Obviously there are few things as mind blowing as hearing that Tom Baker will actually be playing the Doctor again, in an audio story after throwing roughly three Amazonian rainforests presented to him by Gary Russell into the bin. And kicking Russell in the face. Before throwing a cow at him. And insulting his manhood in Doctor Who conventions for a full decade. Oh, yes, you don't want to fuck with the T-Bone.
Of course, reading further into the story once you've scraped your jaw off the floor or recovered from some form of squee-induced heart attack or, heaven forbid, fangasm, or maybe even in the case of this blog's dear friends Larry Miles and Alan Stevens a full on ragegasm, you would find out that this isn't quite all that. Firstly, it is not with Big Finish but the BBC - a small detail, I know, but the BBC themselves only have Ghosts of N-Space and The Paradise of Death to their credit along with PMG's first 'new series' if you extend it in broader terms, which doesn't really inspire much confidence.
Add to this that instead of there will be five stories in a New Series style arc released once a month on CD. Who would they get to craft this beautiful arc? Why of course, you'd get Paul Magrs.
PAUL MAGRS? It's impossible for the guy not to be given work, clearly. If he ever walks into a brothel with vacancies they'll be wrapping him up in fancy silk dresses and punters will paying through the nose for a night with the lovely Pauline. He's some sort of job-magnet in any circumstances regardless of qualifications.
I'm not saying Magrs is a bad writer, but he's a long way from the best. His post-modern leanings are something he clearly has trouble leaning in - even when he's creating something of a serious work by his standards he can't help making characters deliberately shallow or idiotic to unrealistic proportions to lampshade some aspect of DW he finds hi-hi-hilarious. Or he won't bother with any sort of reality at all. Most of his books left people scratching their heads wondering what the fuck the point of it all was, and recently he's shown a good knack for writing audios that fandom finds in roughly equal measures dull or rage-inducing.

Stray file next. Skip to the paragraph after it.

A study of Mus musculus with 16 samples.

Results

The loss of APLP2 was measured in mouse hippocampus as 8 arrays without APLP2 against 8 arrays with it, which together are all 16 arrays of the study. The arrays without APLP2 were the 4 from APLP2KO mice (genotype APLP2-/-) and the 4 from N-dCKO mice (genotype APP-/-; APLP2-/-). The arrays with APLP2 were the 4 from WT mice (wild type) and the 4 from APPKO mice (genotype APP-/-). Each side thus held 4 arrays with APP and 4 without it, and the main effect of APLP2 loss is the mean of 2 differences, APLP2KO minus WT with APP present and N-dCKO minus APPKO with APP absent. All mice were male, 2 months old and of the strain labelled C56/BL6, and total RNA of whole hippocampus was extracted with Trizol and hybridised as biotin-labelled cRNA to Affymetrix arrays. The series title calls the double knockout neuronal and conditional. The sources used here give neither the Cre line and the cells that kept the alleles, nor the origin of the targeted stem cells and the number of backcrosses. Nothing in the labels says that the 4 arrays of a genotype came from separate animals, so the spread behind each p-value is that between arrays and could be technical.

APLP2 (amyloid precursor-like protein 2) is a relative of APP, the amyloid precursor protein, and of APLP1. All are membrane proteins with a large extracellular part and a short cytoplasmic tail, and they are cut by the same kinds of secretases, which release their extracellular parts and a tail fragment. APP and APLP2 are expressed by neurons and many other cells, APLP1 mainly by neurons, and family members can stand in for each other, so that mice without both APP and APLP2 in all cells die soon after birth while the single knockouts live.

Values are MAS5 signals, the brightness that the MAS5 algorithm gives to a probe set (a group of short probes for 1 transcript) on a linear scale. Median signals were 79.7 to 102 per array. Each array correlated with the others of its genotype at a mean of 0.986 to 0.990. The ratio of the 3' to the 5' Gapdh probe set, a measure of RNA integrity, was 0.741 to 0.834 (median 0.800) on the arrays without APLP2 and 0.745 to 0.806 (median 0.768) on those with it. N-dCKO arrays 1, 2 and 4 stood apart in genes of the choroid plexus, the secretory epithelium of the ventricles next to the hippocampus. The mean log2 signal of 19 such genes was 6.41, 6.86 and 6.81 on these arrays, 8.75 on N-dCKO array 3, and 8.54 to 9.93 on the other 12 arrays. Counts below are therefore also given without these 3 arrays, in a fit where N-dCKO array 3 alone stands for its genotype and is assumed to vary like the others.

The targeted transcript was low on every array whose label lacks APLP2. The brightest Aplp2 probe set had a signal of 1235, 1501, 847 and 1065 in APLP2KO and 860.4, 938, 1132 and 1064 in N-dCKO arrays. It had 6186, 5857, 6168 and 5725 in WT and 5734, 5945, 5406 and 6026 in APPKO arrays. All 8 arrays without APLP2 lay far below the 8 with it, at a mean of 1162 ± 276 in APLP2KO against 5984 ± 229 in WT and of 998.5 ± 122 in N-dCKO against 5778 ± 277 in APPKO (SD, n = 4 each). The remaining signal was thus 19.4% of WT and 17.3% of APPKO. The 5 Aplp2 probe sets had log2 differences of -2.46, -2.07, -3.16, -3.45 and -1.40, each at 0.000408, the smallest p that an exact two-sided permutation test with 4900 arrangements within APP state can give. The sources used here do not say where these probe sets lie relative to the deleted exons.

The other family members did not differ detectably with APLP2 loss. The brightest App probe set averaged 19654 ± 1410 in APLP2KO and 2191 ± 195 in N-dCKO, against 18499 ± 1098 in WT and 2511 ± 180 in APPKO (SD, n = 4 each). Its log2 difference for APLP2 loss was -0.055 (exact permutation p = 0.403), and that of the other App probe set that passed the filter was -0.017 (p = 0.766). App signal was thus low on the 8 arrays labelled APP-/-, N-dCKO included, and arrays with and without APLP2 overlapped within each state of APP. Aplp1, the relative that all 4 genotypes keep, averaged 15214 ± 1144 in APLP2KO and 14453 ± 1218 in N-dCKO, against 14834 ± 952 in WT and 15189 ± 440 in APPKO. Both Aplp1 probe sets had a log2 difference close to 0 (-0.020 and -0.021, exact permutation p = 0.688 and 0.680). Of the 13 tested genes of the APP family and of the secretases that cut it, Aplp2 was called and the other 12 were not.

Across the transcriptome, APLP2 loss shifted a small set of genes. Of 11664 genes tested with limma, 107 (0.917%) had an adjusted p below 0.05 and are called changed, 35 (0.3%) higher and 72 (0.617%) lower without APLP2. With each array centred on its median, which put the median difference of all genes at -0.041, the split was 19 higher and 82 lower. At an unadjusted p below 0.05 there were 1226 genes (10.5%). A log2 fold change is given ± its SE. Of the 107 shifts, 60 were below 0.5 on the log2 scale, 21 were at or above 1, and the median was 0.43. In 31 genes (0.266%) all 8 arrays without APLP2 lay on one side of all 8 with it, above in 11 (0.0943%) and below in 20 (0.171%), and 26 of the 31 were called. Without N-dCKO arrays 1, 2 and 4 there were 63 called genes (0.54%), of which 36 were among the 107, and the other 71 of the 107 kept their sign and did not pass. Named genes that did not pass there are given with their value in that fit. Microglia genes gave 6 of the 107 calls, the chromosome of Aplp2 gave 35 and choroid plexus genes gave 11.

Worse still, compounding his desire for silliness is what seems to be a confusion of how to integrate that humour into certain circumstances. The Zygon Who Fell to Earth has an abundance of characters and situations that are clearly meant to be implements of humour, but in practice fail to actually erupt into humour at any stage - making the bit where said implements of humour tear a poor woman's throat out just plain depressing rather than shocking as was no doubt the intention.
Of course, The Stones of Venice is a real masterpiece and if you tear out the last couple of pages Verdigris can be counted among the best of the tie-in novels - he lectures on English literature for god's sake so the bloke's no muppet, he's just so wildly experimental that he's inevitably inconsistent.
For these reasons, I think of the established writers out there Magrs would be the choice least suited to writing this project. I'd put Gary Russell, Allan Barnes, Gareth Roberts, Steve Lyons and Rob Shearman well ahead of him. Probably the oft-maligned Dave Stone as well for his ability to intertwine silliness with epicness into a magnificent self-loving monster.
All that said, Paul Magrs may well be the only author crazy enough for Tom to work with, so it's understandable on at least one layer.
However.. Mike Yates as the companion?? It worries me that the Beeb were either unable to get anyone actually from his seven year tenure, or decided that the Pertwee pseudo-companion who has undergone quite a bit of ribbing on fandom's part over his questionable sexuality and inept heroics was the best one to bring in to give Tooth-and-Curls support.
In short: good news, with a chance of "Awww, god, why did it have to be this way? WHY??!?!?"